Nearly 45% of all COVID-19 cases in Ontario are now considered resolved
Confirmed cases of the 2019 novel coronavirus continue to rise in Ontario, but so too do the number of patients who are thought to have recovered from the virus.
As of Monday morning, 3,121 of the province's total 7,470 cases of COVID-19 are listed as "resolved" on the Ministry of Health's dedicated pandemic web portal.
This represents a whopping 44.9 per cent of all confirmed cases across the province — up from just 41.4 per cent at the end of last week.
While important to note that the designation of "resolved" applies to anyone who is 14 days past the onset of symptoms and no longer in medical care, regardless of whether or not they've tested negative for the virus, these most-recent recovery numbers are giving hope to those who've been tracking them closely.
I do want to applaud Ontario for the constant update of information and staying proactive on ensuring people recover from this. We have the second most cases (blah) but, we have the most recoveries! #COVID2019 #COVID19 #covidontario #COVID19Ontario pic.twitter.com/lIMRbtVUz3— A Mind That Races (@amindthatraces) April 13, 2020
Public Health Ontario reported in its daily epidemiologic summary for April 12 that 291 cumulative deaths had been recorded within the province since the outbreak began, representing a 6.2 per cent increase over the day previous (down from 8.3 per cent the day before that.)
Analysts have been been noting this slowdown in the number of new deaths over the past few days in Ontario, as well a decrease in the rate of new case growth.
"One thing is clear to me, overall growth is slowing down. I've tracked the percent increase from each day's updated exponential model. It spiked in early March before settling down to about 18% per day," wrote Ontario teacher and data analyst Jamie Mitchell in a tweet after seeing today's numbers.
"Recently it's been steadily decreasing."
COVID-19 in Ontario— Phil Jacobson (@phil_jacobson) April 13, 2020
April 13: 7,470 confirmed cases (+421 new)
👉 Daily case growth under 10% for 5 days in a row (6.0% today)
👉 Case growth 5-day average fell for the 12th day in a row to 7.2% (from 8.3% yesterday)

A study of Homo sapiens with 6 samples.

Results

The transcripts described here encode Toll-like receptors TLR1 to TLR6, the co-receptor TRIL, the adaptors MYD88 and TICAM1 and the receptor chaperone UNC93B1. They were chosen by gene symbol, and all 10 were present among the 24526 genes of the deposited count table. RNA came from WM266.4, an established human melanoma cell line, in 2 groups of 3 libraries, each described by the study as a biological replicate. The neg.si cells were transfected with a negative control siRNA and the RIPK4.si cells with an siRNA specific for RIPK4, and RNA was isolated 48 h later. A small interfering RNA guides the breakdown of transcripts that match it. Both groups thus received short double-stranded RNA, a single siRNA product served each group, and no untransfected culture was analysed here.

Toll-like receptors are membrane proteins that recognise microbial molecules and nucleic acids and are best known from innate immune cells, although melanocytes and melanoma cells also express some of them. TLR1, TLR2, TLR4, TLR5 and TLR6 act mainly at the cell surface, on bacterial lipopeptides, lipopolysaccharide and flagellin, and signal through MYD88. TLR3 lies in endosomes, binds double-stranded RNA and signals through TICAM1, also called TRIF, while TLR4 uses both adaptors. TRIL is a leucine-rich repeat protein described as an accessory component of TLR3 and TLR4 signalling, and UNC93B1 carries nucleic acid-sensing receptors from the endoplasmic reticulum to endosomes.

Strong progress continues. https://t.co/fdR3kxtInY
Mitchell, who has been making projection models using the province's own raw data in recent weeks, noted on Monday that, while deaths have been roughly doubling over the previous seven days, this number "has slowly been decreasing."
Optimistic as we may all want to be, it's important to approach these numbers with caution — Ontario is certainly nowhere out of the clear.
All scientists have been careful to note, however, that their projections are rough and that things could change at any time.
Each day it looks like we've moved past the exponential growth part of the epidemic. Tomorrow that model thinks we will have over 9000 cases diagnosed in Ontario (an increase of almost 1600). pic.twitter.com/r2Rg5QDuiv— Jamie Mitchell (@realJ_Mitchell) April 13, 2020
Predictive modelling projections released earlier this month suggest that Ontario will see 80,000 cases of COVID-19 confirmed by the end of April, with 1,600 fatalities. Even with full public health interventions, Ontario could see between 3,000 and 15,000 deaths by the end of the pandemic.
As it stands now, 3.9 per cent of all those who've tested positive for COVID-19 in Ontario have died.
Some 735 have died across Canada out of 24,835 confirmed patients, and the World Health Organization is reporting 1,696,588 cases worldwide.
More than 105,952 people have now died as a result of contracting the virus across the globe, according to the WHO, with the U.S. reporting the highest number of fatalities anywhere at 22,858 as of April 12.